Split shipment is a provision that may allow multiple shipments to be entered under the tariff classification that would apply if the goods had been imported as a single shipment.


  • An entire production line is imported into New Zealand, but it is not practical to arrive as a single shipment (eg, the size and scale of production line is simply too large and has to be shipped in pieces across multiple vessels).
  • The importer requests Customs to allow that all the separate pieces of the production line be classified under the code that would relate to the complete production and not classify each consignment based on the specific components that crossed the border at that specific time.
  • Customs considers the request (if relevant, it is confirmed what the classification of the production line would be) and then grants the split shipment approval and any relevant conditions are set.
  • The production line is imported across five separate importations and for each of the five import entries the same classification is used for the goods.
  • Once all the pieces of production line have been imported, then confirmation is given to Customs that all relevant costs/expenses have been accounted for, or if a reconciliation is required. At times, the individual invoices that are generated to aid the clearances will not entirely match up with the complete invoice for the project, or there might have only been a single invoice that needed to be accounted for across all the entries.

How to request a split shipment approval

Contact Trade Assurance ( to request approval to allow your goods to be imported as a split shipment and provide the following information:

  • What are the goods
  • What is the classification
  • What is the reason for needing split shipment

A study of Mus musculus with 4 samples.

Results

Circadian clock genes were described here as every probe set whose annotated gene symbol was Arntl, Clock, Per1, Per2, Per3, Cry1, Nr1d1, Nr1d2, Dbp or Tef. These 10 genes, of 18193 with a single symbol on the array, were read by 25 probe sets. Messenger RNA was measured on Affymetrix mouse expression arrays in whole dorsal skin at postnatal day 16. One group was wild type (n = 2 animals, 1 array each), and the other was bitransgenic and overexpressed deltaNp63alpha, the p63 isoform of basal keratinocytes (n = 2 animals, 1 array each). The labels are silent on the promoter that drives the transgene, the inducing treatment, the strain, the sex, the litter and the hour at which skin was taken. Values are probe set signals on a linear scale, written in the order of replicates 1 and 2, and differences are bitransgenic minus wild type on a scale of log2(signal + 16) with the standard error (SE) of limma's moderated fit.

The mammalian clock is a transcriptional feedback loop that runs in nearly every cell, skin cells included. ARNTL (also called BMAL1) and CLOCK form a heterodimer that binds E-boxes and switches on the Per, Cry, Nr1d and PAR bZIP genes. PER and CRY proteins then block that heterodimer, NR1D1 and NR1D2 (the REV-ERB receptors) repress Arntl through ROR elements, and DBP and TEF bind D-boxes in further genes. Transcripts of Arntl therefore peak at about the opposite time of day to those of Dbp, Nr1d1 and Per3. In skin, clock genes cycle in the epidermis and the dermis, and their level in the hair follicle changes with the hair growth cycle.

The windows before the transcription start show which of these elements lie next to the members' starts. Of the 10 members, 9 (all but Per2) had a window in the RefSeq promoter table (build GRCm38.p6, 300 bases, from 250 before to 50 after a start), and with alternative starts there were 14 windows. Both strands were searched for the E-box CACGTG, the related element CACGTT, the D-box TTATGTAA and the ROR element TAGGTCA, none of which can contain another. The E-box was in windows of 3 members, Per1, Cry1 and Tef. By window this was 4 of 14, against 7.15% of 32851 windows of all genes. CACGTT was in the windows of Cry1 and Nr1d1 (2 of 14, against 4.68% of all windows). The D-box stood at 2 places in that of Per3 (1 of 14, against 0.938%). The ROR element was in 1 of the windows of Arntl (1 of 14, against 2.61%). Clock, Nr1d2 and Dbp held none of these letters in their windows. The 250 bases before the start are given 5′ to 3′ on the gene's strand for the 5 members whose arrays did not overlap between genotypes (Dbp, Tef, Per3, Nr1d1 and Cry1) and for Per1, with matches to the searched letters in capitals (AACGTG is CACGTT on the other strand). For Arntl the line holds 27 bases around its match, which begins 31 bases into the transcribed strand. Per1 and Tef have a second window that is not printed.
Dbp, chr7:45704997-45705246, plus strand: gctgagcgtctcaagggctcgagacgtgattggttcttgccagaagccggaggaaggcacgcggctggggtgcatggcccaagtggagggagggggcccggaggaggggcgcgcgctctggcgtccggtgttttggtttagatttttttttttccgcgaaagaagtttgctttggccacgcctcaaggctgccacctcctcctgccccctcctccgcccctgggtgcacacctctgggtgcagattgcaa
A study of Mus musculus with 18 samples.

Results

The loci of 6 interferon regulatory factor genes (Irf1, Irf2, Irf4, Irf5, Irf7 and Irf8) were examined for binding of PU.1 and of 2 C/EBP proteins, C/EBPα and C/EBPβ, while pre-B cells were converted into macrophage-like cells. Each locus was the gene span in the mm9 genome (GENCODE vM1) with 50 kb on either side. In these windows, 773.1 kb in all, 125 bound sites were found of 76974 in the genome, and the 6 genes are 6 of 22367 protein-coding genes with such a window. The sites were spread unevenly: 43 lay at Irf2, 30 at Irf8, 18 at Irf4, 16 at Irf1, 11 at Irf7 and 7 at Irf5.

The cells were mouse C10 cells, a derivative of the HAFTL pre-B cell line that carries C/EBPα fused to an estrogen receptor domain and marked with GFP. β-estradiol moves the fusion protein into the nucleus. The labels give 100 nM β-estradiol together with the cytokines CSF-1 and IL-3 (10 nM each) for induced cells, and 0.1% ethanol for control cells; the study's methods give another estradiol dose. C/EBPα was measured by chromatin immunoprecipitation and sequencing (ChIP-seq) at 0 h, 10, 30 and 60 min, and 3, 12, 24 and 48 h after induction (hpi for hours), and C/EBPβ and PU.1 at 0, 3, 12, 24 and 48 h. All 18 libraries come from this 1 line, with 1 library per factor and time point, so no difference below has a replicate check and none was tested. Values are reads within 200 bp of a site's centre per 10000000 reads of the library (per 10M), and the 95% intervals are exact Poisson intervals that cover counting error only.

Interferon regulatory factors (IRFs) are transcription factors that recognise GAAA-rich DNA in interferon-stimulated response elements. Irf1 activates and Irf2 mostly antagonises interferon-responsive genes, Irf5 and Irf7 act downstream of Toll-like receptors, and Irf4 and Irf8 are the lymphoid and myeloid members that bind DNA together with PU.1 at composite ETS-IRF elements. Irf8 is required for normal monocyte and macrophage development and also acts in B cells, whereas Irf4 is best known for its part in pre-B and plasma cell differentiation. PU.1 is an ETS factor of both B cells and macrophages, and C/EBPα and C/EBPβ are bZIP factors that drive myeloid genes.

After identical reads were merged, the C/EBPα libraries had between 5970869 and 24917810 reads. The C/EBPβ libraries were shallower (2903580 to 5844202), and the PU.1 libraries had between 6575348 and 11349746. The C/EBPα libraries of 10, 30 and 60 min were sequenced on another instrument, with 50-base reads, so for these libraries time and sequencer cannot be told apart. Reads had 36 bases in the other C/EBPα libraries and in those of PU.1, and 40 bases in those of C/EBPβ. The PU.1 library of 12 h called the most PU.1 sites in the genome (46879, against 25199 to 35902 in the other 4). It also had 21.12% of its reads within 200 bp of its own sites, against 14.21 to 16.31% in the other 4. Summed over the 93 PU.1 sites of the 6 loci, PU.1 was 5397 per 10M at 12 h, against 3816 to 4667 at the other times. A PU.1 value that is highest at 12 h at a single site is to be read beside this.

• What is the expected timeframe
  • Number of shipments
  • Sales agreements

Confirming the classification of the goods

You may be requested to confirm the classification of the goods before Customs approves the split shipment. At times, the classification requires considering multiple headings or an interpretation of a Legal Note (for example, Legal Note 4 to Section XVI applies when a machine consists of separate components that contribute together to a clearly defined function that is covered by a heading in Chapter 84 or 85). Where the classification needs to be confirmed, that can be achieved by requesting a classification ruling from the Customs Valuation, Origin and Classification section (VOC).

If the approval for split shipment is granted, then you will need to advise your Customs Broker that when submitting the import entries the Broker needs to:

  • Use the tariff classification identified for the goods.
  • Account for any conditions that had been set for the approval.
  • Enter the other information code ‘SPL’ and approval number on each import entry of the Split Shipment.

Once the goods have been imported, you will need to confirm that all the different consignments have been declared as split shipment and whether all the costs have been accounted for or whether a reconciliation is required.